As drought and food shortages have struck Afghanistan, there are alarming reports of child malnutrition. A survey by the charity Oxfam Novib in two drought-affected provinces (Faryab and Saripul) showed global acute malnutrition (GAM) in nearly 14 percent of small children. The global emergency threshold number is 15 percent.
A study by the aid agency Medair showed GAM rates of 30 percent for children 6-59 months in the Badakhshan Province in northeast Afghanistan. This is a high number of children threatened with such poor nutrition that they face lasting physical and mental damage.
The charity Save the Children is taking action by helping community-based management of acute malnutrition (CMAM) in drought-ravaged northern Afghanistan. This includes providing the miracle peanut paste Plumpy’nut to save small children from the potentially deadly effect of malnutrition. Funding will be crucial to Save the Children so it can carry out this work.
This a file photo of a girl during class in an accelerated learning center in Balkh Province in Northern Afghanistan. The province she lives in has now been struck by massive drought which is causing severe food shortages. The UN says the Balkh Province has one of the highest rates of “severe food insecurity.” (Photo: Mats Lignell / Save the Children)
Save the Children is also starting a cash-for-work program in Faryab and Saripul to help families struggling with high food prices and unemployment. The U.S. Food for Peace program is sponsoring this initiative. It could not come at a more critical time.
The United Nations says: “The drought has added burden to an already volatile and impoverished country with considerable challenges and unacceptably high rates of malnutrition.” The UN just issued an appeal for $142 million for drought relief. Even before this disaster began to strike, the UN was low on funding for humanitarian aid in Afghanistan.
The drought and resulting food shortages place even further strain on an already weakened country. The United Nations reports that “even in normal times Afghanistan has high malnutrition rates with 59% and 9% of under five (U5) children being stunted and wasted, respectively, and 72% of children 6-59 months, 48% of non-pregnant women and 18% of adult men being iron-deficient.”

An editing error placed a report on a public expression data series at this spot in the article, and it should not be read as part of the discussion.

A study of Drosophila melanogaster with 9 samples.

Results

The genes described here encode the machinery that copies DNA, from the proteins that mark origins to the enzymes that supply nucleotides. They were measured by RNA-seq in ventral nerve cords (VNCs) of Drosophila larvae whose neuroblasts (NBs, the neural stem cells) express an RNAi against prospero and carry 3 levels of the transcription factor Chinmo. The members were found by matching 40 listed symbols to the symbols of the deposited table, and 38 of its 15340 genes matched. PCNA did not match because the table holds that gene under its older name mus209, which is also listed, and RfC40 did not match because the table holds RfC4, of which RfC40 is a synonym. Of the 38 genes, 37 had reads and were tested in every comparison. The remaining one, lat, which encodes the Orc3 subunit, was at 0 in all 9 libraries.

This malnutrition rate among children is coupled with a lack of education. The UN states there is a “silent crisis of the 42% (5,000,000) children who are not in school due to poverty and vulnerability. More children will be affected by the drought.”
The country already has many street children who are forced to beg for food and other basics. The drought may very well increase the ranks of children forced into this kind of desperation.
What will come next, without robust intervention, will be a steady deterioration within Afghanistan. It is already under way. The charity CARE reports that in the provinces of Jawzjan and Balkh, 80 percent of farmland is unusable because of the drought. People are being forced from their homes in search of food and new jobs to support themselves.
World Vision, working in Ghor and Badghis provinces, finds that “the drought has already severely affected households in these regions where many water sources are running out, children started to get small jobs instead of going to school to improve their family income, while some households started to sell their assets to buy food.”
When food safety nets are not in place, one thing leads to another. Families get forced into desperate actions. If they sell assets to get food today, it also means fewer resources for their livelihood tomorrow. Children may drop out of school and thus sacrifice their future. This is what is happening in Afghanistan. When funding is low for aid agencies, it means there is nothing for the poor to fall back on.
The UN World Food Programme, for instance, had to severely cut back its school meals program because of low funding from the international community. So that is one less safety net in place.
The international community will need to act quickly to support aid agencies working to bring relief and long-term solution to Afghans.
The Afghan people will never be able to make progress if they are constantly fighting off one shock after another. It’s not until there is solid respite from shocks that real development can take place. This all starts in the area of food and nutrition. For without healthy children, there is no road to peace and progress in Afghanistan.